My lessons have been really important to me. I’ve taught in Italy now for over twenty years and my students have always been (with barely an exception) an inspiration to me. They keep me sane. Now, we’ve been home for almost four weeks, self-isolating for three of them, the lessons have taken on greater importance. Watching the UK and the USA slowly lumber into the same arrogant mistakes Italy made early on has been disheartening. Early on before this all went down, the governor of the Province of Veneto Luca Zaia blamed Chinese for eating dead mice and said that Italians wouldn’t have a problem with the virus because they washed more. But my students are resilient and hopeful, though some of them have been stuck away from home in empty student accommodation. And they helped me. Our lessons are full of suggestions on how to cope, and tips on making the most of isolation. 

So I wanted to pay it forward as Kevin Spacey once said. Perhaps not the authority I want to invoke, but I have a feeling many of you in the UK and the USA are going to be in a similar situation to the one we have been in. Everyone’s situation will be different and the conditions on the ground will vary, but that said I wanted to offer my experience as a way of perhaps helping people understand and cope.

First of all, it is really important to maintain a routine. Get up at a set hour, shower and dress. In grown-up clothes. Try to include some exercise, or meditation, or yoga into your day at a set hour. Set an alarm on your phone so you do it every day.

Food becomes very important so it’s good to have a bit of imagination. You have time so you might as well get a little creative.  In our situation there have been some shortages, but not that bad. Fresh food is important to get whenever you can. The trip to the supermarket might be the only time you get out of the house.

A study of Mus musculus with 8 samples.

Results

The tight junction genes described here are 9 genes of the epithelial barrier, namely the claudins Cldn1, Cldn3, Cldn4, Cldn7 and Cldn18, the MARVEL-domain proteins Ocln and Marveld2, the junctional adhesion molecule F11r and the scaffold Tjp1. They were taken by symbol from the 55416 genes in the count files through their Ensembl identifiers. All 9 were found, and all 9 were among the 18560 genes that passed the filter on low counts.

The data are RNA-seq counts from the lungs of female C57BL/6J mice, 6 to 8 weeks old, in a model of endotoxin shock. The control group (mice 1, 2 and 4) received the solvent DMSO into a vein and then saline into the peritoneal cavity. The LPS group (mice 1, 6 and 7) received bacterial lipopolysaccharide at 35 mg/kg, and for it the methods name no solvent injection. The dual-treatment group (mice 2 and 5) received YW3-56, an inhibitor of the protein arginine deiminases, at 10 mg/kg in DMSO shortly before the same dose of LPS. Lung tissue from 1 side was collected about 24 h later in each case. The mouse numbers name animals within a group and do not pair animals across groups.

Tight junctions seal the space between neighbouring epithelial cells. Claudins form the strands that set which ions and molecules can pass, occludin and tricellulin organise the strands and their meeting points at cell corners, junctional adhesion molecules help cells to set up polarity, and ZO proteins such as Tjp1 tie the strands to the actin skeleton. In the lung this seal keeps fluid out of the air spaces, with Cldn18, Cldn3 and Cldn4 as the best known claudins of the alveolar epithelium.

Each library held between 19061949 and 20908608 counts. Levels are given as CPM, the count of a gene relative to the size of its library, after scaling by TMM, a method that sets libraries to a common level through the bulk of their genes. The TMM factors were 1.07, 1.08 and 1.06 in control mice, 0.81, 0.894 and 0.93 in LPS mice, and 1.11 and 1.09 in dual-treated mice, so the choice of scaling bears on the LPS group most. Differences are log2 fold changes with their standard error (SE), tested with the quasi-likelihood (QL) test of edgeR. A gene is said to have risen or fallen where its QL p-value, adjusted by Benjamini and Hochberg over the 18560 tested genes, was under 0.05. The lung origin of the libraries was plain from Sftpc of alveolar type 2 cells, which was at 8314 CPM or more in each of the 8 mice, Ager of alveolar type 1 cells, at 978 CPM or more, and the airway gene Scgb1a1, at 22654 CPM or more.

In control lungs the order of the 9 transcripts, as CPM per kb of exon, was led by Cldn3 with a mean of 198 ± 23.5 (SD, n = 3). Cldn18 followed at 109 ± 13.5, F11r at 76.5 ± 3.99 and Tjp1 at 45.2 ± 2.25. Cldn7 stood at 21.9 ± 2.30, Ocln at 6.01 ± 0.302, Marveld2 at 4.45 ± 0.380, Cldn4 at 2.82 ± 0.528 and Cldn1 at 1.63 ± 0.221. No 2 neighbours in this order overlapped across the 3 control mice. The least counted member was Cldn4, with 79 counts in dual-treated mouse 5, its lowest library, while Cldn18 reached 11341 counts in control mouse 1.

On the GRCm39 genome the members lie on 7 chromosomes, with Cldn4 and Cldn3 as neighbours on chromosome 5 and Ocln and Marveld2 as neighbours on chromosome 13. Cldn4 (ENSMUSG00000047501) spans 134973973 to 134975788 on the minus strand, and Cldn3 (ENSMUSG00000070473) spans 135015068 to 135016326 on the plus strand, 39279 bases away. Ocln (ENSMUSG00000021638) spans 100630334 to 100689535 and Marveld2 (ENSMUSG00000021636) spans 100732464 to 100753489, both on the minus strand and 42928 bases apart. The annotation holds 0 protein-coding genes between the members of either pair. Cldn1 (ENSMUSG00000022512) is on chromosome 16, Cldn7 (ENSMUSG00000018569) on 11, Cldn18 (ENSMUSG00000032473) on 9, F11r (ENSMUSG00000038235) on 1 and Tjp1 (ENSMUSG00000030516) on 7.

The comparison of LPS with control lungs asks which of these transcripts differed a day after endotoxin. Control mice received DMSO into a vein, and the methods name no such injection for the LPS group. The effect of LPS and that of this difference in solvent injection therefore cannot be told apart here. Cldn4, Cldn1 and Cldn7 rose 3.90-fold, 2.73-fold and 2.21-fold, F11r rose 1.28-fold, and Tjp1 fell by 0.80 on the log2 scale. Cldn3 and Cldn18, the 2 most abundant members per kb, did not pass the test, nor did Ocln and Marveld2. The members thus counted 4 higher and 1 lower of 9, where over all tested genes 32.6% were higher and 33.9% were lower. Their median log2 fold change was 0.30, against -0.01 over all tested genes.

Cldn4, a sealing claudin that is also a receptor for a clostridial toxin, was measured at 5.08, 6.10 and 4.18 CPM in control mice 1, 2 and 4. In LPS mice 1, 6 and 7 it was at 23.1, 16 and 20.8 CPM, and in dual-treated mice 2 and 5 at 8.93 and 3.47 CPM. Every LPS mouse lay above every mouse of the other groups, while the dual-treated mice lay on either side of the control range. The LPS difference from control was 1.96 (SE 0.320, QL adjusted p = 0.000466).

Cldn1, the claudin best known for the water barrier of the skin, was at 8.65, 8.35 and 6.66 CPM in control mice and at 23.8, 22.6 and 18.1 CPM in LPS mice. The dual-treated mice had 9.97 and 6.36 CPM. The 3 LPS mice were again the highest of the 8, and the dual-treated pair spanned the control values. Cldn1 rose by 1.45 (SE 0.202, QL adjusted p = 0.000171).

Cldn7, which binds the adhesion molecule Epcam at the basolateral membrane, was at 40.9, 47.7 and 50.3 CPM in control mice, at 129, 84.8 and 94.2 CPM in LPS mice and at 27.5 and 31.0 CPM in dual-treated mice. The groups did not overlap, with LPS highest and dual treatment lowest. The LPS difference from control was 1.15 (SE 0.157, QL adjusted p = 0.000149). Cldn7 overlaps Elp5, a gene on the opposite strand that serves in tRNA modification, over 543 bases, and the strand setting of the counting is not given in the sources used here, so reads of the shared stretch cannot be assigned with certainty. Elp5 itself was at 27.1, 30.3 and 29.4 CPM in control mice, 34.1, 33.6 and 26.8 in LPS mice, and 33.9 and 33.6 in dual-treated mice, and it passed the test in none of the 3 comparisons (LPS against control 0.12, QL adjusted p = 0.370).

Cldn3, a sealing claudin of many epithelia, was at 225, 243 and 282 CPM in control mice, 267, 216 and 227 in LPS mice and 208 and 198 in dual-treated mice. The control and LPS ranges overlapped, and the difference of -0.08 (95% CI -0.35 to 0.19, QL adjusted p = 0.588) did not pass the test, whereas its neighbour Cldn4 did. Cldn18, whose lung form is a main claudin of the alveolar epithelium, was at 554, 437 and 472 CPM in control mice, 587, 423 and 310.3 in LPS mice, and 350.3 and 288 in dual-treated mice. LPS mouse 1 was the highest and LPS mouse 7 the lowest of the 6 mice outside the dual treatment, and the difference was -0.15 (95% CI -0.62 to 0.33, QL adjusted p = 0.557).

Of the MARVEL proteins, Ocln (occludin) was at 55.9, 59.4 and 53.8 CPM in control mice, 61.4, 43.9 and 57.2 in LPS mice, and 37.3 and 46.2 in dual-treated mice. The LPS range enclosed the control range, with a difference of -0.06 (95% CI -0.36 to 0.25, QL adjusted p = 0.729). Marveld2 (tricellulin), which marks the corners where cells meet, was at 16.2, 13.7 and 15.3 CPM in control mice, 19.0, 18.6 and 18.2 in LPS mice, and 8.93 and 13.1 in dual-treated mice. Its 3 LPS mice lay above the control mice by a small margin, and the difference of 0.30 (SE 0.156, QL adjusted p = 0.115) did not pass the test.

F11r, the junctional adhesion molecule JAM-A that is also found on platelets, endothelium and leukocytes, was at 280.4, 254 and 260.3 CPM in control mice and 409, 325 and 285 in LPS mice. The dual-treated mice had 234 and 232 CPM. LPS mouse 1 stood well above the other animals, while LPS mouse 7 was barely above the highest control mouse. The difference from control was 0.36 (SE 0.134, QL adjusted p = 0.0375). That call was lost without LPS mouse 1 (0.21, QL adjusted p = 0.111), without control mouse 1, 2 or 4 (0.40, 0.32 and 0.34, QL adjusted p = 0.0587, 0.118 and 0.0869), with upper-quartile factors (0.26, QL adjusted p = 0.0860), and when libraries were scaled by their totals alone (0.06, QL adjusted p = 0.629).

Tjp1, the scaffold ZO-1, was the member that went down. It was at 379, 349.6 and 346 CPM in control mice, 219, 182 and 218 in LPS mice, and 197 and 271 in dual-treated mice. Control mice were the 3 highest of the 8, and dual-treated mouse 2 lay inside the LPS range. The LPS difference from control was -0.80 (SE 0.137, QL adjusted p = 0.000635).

Toilet roll. Don’t worry about it. We use bidets in Italy so that’s never been an issue of panic. And if you do run out, have a shower and wash your bum. It’s right there next to the toilet. Plus – again – you have time.

Work. Working from home paradoxically can mean you end up doing more than you usually do. So you have to create demarcation lines. This includes emails and phone calls. Maybe use your exercise or meditation time to divide your workday from your free time. Or (if you’re allowed) go for a walk. Around the garden.

Books. Movies. Etc. You might think you have a wealth of choice but chances are you’ve probably already strip-mined your streaming services so maybe try and look for some free stuff on Dailymotion or Vimeo or Youtube. Lots of old movies and noirs are available. Also, maybe try and pick a bunch of films you’ve always meant to watch. Have your own film festival. Pick a theme, director, actor and watch everything they’ve done. Make sure you read that book you’ve been meaning to read. Break it up with listening to an album or two.  

People. If you’re with your family, or friends, or just your partner, you’re going to rub each other up the wrong way fairly quickly so you have to make sure everyone has a part of the house to go to. Tasks should be divided up and everyone do their fair share. It’s a good opportunity for a spring clean, with the proviso that you might not be able to go to the dump for a while. It’s also important that you keep in contact via video chat. This also means friends who you might never interact with in this way. Even watching a movie together via Netflix party or playing RPGs or something. Time to dust off Dungeons and Dragons.

Ration the news. It’s fucking grim at the moment, and though you need to keep abreast, you won’t do anyone any good obsessing.

Obviously I’ve done none of these things. I’m sitting in my pyjamas having just woken up and I’m elbow-deep in a bucket of ice-cream watching CNN on a loop. But if this can help in any way then I hope it does.

Oh and remember if you are quarantined it only really works if everyone does it. It’s like a submarine. Either it’s watertight. Or it isn’t.